After ordering ATR72-600s, Air New Zealand looks for synergies with Virgin Australia
Having ordered, subject to contract finalisation, seven ATR72-600s with options on an additional five in order to fuel significant domestic regional expansion, Air New Zealand is now considering what synergies it can achieve with fellow ATR operator Virgin Australia, who it has a 20% stake in.
"We are the largest ATR operator in the region so it does give us the opportunity to clearly propose to other operators opportunities where they could leverage or benefit from our scale and infrastructure. We'll certainly be exploring those alongside ATR, who also has been very helpful in assisting to facilitate those conversations and relationships," ANZ CEO Rob Fyfe says in Auckland.
"We'll be looking to share whatever resources we can – be they engineering resources, be they simulators, those kind of capital-intensive infrastructure," group general manager short-haul airlines Bruce Parton says. ANZ is also looking to acquire a new simulator to support its introduction of the ATR72-600.
While ANZ's subsidiaries operate 11 ATR72-500s, the -600 features an all-new glass cockpit. "Clearly we need -600 technology," Mr Parton says. ANZ last year introduced a CAE ATR72-500 simulator, which other airlines can use at the carrier's Aviation Institute. ANZ launched the Institute to help recoup its training costs (including flying, engineering, in-flight service, ground operations and business leadership) which would otherwise increase significantly if the carrier used facilities in other, more far-flung parts of the world.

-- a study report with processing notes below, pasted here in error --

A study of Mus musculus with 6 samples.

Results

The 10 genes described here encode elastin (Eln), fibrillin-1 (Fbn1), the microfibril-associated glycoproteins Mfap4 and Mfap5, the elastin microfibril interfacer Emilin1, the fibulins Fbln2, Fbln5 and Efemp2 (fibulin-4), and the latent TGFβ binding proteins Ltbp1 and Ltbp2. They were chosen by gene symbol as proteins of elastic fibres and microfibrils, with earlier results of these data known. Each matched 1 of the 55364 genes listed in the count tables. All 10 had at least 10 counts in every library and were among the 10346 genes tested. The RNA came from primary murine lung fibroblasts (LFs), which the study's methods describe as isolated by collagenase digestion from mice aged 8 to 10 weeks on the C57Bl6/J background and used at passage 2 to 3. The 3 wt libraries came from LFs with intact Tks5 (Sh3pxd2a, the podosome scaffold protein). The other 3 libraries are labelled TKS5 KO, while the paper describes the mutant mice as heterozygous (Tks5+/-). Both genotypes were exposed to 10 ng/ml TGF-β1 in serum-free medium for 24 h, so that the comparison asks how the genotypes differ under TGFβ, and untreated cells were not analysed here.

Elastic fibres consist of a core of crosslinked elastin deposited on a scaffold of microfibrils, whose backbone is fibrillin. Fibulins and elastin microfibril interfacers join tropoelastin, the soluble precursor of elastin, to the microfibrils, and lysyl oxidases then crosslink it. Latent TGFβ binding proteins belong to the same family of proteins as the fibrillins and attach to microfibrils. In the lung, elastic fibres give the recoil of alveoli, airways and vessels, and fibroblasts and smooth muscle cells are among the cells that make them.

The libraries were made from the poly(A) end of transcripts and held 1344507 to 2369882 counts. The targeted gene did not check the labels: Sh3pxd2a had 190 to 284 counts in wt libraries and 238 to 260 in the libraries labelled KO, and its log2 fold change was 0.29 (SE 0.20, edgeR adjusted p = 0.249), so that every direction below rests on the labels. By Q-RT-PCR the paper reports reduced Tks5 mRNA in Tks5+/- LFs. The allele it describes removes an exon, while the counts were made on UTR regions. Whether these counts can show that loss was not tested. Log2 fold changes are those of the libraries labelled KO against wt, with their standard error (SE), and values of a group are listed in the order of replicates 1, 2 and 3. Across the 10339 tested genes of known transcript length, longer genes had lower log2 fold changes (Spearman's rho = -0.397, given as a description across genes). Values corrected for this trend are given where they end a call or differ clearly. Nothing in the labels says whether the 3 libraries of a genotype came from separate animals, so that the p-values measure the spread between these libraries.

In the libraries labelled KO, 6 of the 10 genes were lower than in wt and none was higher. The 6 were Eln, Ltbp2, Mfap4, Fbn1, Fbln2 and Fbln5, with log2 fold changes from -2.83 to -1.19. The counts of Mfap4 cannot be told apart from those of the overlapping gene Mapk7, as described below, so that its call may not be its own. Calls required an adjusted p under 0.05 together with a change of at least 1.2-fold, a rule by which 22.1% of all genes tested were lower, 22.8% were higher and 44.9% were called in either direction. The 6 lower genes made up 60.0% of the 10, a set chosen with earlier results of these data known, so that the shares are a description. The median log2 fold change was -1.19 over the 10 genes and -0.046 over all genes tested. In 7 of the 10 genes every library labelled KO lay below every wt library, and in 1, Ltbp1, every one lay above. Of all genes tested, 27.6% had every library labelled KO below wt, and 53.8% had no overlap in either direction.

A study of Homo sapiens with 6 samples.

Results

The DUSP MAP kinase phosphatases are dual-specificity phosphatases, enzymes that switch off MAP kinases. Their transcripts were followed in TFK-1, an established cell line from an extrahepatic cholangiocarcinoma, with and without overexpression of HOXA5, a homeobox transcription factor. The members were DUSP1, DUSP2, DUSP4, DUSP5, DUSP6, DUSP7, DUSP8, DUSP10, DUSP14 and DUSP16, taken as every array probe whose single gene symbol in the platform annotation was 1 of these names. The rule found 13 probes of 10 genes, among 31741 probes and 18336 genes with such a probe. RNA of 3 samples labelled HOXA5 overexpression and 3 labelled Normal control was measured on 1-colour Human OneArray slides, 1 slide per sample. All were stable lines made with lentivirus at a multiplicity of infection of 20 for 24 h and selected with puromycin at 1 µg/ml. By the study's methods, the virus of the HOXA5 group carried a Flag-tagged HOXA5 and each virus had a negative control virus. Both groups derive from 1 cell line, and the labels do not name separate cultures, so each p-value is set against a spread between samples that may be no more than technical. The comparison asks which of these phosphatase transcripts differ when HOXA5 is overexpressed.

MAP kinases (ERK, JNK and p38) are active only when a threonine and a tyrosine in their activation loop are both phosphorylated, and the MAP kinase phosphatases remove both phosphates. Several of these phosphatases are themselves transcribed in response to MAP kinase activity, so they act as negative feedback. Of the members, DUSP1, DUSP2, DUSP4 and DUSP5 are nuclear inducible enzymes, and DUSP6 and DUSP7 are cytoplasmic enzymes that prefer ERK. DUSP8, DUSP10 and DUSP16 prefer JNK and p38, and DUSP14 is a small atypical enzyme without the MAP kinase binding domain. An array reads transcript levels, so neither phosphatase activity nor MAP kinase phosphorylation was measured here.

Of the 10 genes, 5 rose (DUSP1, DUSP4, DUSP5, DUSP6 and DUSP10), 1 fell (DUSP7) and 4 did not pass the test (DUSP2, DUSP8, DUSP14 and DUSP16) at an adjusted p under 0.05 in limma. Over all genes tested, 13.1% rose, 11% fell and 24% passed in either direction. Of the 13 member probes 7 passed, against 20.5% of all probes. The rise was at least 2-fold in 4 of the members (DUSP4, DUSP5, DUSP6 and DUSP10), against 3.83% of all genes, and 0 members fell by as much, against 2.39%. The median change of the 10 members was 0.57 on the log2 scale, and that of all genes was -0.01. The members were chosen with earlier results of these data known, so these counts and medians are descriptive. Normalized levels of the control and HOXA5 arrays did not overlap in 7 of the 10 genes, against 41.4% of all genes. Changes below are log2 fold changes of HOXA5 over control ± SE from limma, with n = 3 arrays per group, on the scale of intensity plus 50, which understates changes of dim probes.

Virgin Australia this week commenced its first ATR operations, and while its ATR72-500s and forthcoming ATR72-600s are operated by Perth-based Skywest, Virgin Australia envisions one day operating its regional fleet by itself without Skywest, according to sources familiar with the matter. Contentions between Skywest CEO Mark Shelton and Virgin Australia CEO John Borghetti over how and where the aircraft should be deployed are understood to be the main source of disagreement. Virgin Australia is understood to have partnered with Skywest only because it did not have the experience or resources, particularly with regional pilots, to launch the ATR operation on its own.
ANZ's ATR72-600s will be delivered from Oct-2012.
ANZ bought an initial stake in Virgin Australia in Jan-2011. In Sep-2011 it increased its stake from 14.99% to 19.99%. ANZ says the stake is a sign of its confidence in trans-Tasman business partner Virgin Australia, a way to extend its reach without aircraft capital investments and to fend off other carriers from potentially taking a stake in Virgin Australia.
Virgin Australia on 17-Oct-2011 launched ATR services with a 72-500 operation from Brisbane to Gladstone, a new route for the carrier. Today ATRs started on Brisbane-Port Macquarie and Sydney-Port Macquarie routes. The aircraft will expand to Sydney-Canberra and from January Brisbane-Emerald. Virgin Australia in Feb-2011 ordered four ATR72-500s, three of which have been delivered, four ATR72-600s and options on a further five ATR72-600s.